It could happen…

Today I did something kinda crazy, I made crackers.  Crackers?  Really?  What and why would this have anything to do with beer or brewing?  The simple answer would be that crackers can be made with yeast, so like beer they can have all the same necessary ingredients.  But as always we never believe in simple answers. 

There are some personal reasons why I did it but also there are some wider range reasons why others might want to do it.  Among my personal reasons for making them I mark the fact that at my house we really like crackers.  This isn’t something I walked into blind, I have made them before (but not since I was in culinary school). 

Something else occurred to me while I was rolling out the dough, the craft beer community tends to lean more towards a conservationist life style.  Look at the breweries that have gone green.  Or the home brewer who will find ways to repurpose items for use in their brewery. 

Making products that you would just as easily be able to buy at the store is in a small way part of the whole process of living greener.  We may be using engergy to create these products but at the same time we are throwing less post consumer waste into landfills.  The time I just spent making my own crackers is time I spent making something I like but also doing a bit more to help with the environment (at least thats what I like to tell myself anyway).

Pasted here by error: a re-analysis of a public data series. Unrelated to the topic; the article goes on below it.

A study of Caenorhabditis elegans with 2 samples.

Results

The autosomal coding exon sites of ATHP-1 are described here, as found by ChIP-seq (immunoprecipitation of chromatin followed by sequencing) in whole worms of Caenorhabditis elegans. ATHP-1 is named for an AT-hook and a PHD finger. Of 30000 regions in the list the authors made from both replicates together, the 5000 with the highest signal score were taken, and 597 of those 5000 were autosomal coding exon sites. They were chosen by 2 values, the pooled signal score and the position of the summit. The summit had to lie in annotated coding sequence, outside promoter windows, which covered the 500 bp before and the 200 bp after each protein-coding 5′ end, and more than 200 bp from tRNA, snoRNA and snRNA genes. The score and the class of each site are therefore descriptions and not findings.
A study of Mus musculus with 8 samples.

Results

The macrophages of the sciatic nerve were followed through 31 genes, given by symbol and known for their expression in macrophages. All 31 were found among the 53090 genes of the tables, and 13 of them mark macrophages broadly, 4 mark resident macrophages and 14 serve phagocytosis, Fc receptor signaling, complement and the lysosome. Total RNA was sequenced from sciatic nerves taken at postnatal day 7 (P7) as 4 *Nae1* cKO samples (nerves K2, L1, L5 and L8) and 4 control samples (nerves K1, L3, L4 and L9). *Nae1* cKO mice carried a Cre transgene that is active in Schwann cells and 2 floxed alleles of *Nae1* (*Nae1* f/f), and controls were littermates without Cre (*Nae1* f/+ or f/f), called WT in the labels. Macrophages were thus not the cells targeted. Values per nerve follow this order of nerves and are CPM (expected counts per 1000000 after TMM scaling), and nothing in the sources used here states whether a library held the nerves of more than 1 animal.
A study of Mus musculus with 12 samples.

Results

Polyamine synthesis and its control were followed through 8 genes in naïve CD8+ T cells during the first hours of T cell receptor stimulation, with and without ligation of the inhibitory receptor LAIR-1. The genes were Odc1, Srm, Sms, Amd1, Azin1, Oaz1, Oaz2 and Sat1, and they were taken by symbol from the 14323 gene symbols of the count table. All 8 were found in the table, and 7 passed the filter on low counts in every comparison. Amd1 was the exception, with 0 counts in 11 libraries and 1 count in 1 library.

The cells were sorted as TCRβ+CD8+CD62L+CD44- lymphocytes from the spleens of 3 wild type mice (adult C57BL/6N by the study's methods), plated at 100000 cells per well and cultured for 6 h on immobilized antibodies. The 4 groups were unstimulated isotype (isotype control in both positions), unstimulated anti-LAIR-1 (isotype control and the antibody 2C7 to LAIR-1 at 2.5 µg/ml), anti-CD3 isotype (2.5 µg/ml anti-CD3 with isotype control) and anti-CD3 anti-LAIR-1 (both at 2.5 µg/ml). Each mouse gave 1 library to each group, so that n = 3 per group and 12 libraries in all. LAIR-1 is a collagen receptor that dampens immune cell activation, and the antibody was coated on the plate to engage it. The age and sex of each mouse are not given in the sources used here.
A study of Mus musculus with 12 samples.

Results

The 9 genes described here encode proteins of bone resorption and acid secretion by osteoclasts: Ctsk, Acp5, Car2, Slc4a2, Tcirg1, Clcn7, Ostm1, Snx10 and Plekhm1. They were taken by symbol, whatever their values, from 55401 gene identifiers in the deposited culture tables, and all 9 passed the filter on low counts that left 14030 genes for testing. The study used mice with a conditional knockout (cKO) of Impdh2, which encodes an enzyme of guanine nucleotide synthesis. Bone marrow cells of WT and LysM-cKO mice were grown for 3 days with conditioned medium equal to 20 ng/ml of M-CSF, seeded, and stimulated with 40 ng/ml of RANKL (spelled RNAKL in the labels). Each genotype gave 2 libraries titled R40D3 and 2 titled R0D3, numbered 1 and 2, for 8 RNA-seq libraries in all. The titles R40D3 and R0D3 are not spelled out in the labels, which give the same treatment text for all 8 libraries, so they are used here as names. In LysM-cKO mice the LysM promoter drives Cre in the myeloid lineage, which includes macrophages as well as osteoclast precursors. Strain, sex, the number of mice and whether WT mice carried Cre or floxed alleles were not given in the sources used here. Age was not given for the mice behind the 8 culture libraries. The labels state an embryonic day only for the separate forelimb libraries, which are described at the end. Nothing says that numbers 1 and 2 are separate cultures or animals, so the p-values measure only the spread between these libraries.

The recipe I used was for a true soda cracker.  This means that the only leavening agent in use was baking soda.  (Here comes a little nerdism)  Baking soda is a twice acting leavener.  This means that two agents will work to get the chemical reaction that releases the gas to make the dough rise.  One of these agents is acide (in the recipe that follows it is the vinegar).  The other agent is heat.  Which comes from the baking.  Baking powder is different than baking soda in that it is only heat activated.

4 Cups Flour
1 Cup Butter
3/4 Cup Milk
1 teaspoon vinegar
1/2teaspoon baking soda
1/2 teaspoon salt
Sift the flour, baking soda, and salt together to ensure even mixing.  Then using a dough mixer blend the butter in till  you achieve pea sized pieces.
Add the milk and vinegar mixing till it starts to come together, turn out onto your work surface.  Work the dough till it comes together (remember you are not trying to develop gluten like when you are making bread).
Roll out the dough till roughly 1/8 inch thick then using a ruler to make straight lines, cut out the crackers.  After placing them on the baking sheet, lightly brush with water and sprinkle with salt.
Bake at 375 for 10 to 15 minutes or until lightly browned. 

Time for a pint…

2 thoughts on “It could happen…

  1. Using them for tastings was one of my thoughts too. It would be quite easy to just bake them without the added salt on the tops to keep them as good palate cleansers.